Armed with data but no crystal ball, the U.S. FDA’s Vaccines and Related Biologic Products Advisory Committee (VRBPAC) will be asked June 28 to predict the next-generation vaccines that will be needed to best respond to the COVID-19 futurescape. While Moderna Inc., Pfizer Inc. and Novavax Inc. will briefly present clinical data for their variant vaccines at the VRBPAC meeting, the discussion will be about the future of all COVID-19 vaccines being developed or authorized for the U.S. market.
It’s been a decade since the America Invents Act (AIA) transformed the U.S. patent landscape from a first-to-invent to a first-inventor-to-file system and added new contours with the creation of the Patent Trial and Appeal Board (PTAB) to hear post-grant patent challenges outside of court. While the AIA’s inter partes review process and other post-grant procedures have helped weed out weak patents, they’ve also increased the uncertainty and unpredictability of many patents. Now, 10 years on, Congress is assessing how the PTAB has developed in real life and considering what course corrections may be needed.
Novartis AG is not going quietly into the night after the U.S. Court of Appeals for the Federal Circuit reversed itself, invalidating a method patent covering a dosing regimen for the company’s blockbuster multiple sclerosis drug, Gilenya (fingolimod). After the split opinion came down June 21 from the three-judge panel, Novartis said it planned to file a petition seeking further review of the decision by the full court.
While the World Trade Organization (WTO) is taking a victory lap for getting a five-year intellectual property (IP) waiver across the finish line for COVID-19 vaccines, the accomplishment is being panned by spectators on both sides of the track.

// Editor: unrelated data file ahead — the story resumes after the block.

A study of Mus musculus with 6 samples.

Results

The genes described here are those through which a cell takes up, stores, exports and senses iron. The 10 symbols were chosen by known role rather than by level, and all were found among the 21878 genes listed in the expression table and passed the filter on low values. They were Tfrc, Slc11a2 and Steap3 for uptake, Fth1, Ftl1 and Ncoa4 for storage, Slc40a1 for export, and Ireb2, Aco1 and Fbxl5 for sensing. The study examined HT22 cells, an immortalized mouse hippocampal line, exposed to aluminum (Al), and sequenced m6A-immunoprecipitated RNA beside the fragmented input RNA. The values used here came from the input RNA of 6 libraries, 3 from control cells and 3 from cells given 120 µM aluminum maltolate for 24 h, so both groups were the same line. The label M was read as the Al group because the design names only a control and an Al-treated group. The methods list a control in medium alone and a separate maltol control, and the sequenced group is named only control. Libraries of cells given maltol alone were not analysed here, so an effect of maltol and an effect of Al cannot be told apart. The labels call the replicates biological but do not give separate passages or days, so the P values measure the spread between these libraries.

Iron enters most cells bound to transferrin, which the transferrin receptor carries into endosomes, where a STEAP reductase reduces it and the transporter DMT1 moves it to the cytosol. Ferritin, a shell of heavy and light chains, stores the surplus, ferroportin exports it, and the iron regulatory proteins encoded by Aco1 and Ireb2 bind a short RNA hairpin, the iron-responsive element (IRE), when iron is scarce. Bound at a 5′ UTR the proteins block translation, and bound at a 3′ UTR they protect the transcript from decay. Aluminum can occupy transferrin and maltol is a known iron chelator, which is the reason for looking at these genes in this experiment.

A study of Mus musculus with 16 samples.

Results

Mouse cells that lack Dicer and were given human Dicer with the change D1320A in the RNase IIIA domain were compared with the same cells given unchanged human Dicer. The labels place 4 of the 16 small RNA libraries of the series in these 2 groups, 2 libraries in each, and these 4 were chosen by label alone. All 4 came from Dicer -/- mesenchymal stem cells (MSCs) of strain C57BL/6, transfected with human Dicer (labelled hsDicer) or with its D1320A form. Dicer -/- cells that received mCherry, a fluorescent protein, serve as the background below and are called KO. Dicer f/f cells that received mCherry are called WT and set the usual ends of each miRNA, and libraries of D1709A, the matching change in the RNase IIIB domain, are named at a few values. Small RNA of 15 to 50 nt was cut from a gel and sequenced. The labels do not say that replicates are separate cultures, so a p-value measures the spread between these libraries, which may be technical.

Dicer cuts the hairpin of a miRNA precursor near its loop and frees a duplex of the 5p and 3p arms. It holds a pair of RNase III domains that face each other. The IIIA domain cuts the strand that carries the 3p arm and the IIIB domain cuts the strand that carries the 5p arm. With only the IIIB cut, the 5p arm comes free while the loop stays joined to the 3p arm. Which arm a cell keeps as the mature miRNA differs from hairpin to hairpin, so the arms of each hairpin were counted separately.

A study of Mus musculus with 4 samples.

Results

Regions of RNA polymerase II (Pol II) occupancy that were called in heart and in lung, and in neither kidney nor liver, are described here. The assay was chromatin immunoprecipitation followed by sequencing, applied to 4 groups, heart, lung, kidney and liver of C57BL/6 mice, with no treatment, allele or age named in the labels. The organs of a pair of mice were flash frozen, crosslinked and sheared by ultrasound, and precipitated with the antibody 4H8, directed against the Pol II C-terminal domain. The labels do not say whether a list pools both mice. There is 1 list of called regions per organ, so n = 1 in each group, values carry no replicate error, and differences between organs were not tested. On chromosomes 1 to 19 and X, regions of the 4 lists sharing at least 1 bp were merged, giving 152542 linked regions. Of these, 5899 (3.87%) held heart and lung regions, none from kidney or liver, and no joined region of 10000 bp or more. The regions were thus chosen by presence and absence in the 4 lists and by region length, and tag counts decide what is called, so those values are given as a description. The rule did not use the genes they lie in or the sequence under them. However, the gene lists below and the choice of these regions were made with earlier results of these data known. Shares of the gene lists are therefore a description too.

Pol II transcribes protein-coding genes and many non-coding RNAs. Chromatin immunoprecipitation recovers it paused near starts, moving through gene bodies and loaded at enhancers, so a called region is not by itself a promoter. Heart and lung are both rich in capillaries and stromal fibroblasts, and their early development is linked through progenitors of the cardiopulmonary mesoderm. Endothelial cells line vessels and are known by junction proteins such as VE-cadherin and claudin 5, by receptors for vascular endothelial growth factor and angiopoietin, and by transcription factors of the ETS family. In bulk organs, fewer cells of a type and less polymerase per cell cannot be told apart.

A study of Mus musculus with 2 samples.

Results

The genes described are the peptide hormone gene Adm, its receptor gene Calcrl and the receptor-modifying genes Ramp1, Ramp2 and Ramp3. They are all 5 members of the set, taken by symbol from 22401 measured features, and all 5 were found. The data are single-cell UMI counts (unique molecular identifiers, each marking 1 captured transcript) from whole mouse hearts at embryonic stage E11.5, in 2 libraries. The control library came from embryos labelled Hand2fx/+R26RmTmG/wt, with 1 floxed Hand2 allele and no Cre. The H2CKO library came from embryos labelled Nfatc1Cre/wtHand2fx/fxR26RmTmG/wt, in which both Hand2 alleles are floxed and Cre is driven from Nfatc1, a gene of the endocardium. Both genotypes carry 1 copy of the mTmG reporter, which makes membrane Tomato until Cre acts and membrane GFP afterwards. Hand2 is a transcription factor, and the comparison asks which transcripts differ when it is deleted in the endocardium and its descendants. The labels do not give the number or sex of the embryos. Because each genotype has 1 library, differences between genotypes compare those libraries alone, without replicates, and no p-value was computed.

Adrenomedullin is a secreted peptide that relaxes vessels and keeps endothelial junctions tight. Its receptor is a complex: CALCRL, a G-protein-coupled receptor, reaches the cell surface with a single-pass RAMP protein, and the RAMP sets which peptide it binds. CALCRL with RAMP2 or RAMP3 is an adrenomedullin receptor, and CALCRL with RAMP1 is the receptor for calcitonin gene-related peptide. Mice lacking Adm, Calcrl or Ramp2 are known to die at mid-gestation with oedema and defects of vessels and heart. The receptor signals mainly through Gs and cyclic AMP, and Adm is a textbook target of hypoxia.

Instead of “Mother, may I” for COVID-19 vaccines for children 6 months through 5 years of age, the U.S. CDC is saying the correct response is “I should.” That was the recommendation June 18 from the CDC’s Advisory Committee on Immunization Practices. CDC Director Rochelle Walensky wasted no time in endorsing the recommendation, which came just a day after the FDA authorized the vaccines from Moderna Inc. and Pfizer Inc.-Biontech SE for babies, toddlers and preschoolers.
What was billed as a U.S. Senate Health, Education, Labor and Pensions Committee hearing June 16 to get an update from top government health officials on the nation’s response to COVID-19 was, in reality, a concerted effort to get Republicans in the U.S. Senate to open the checkbook so the Biden administration could fill in the amount for more COVID-19 spending, Ranking Member Richard Burr (R-N.C.) charged as he concluded the hearing.
In keeping with the 21st Century Cures Act, the U.S. FDA issued a draft guidance describing a standards recognition program for regenerative medicine therapies at the Center for Biologics Evaluation and Research that’s intended to facilitate the development of the therapies and reduce the regulatory burden.
After a two-day session of the FDA’s Vaccines and Related Biologic Products Advisory Committee, the U.S. is within days of a long-awaited milestone of having not just one but at least two vaccines available for nearly every American. The VRBPAC voted unanimously, 21-0, June 15 to support amending the emergency use authorizations for both the Moderna Inc. and Pfizer Inc.-Biontech SE COVID-19 mRNA vaccines to allow their use in children 6 months and older.
A lot of eyes are on the World Trade Organization (WTO) Ministerial Conference taking place in Geneva June 12-15, as member countries try to reach a consensus on a proposal that would allow certain members to waive intellectual property (IP) rights on COVID-19 vaccines for at least three to five years.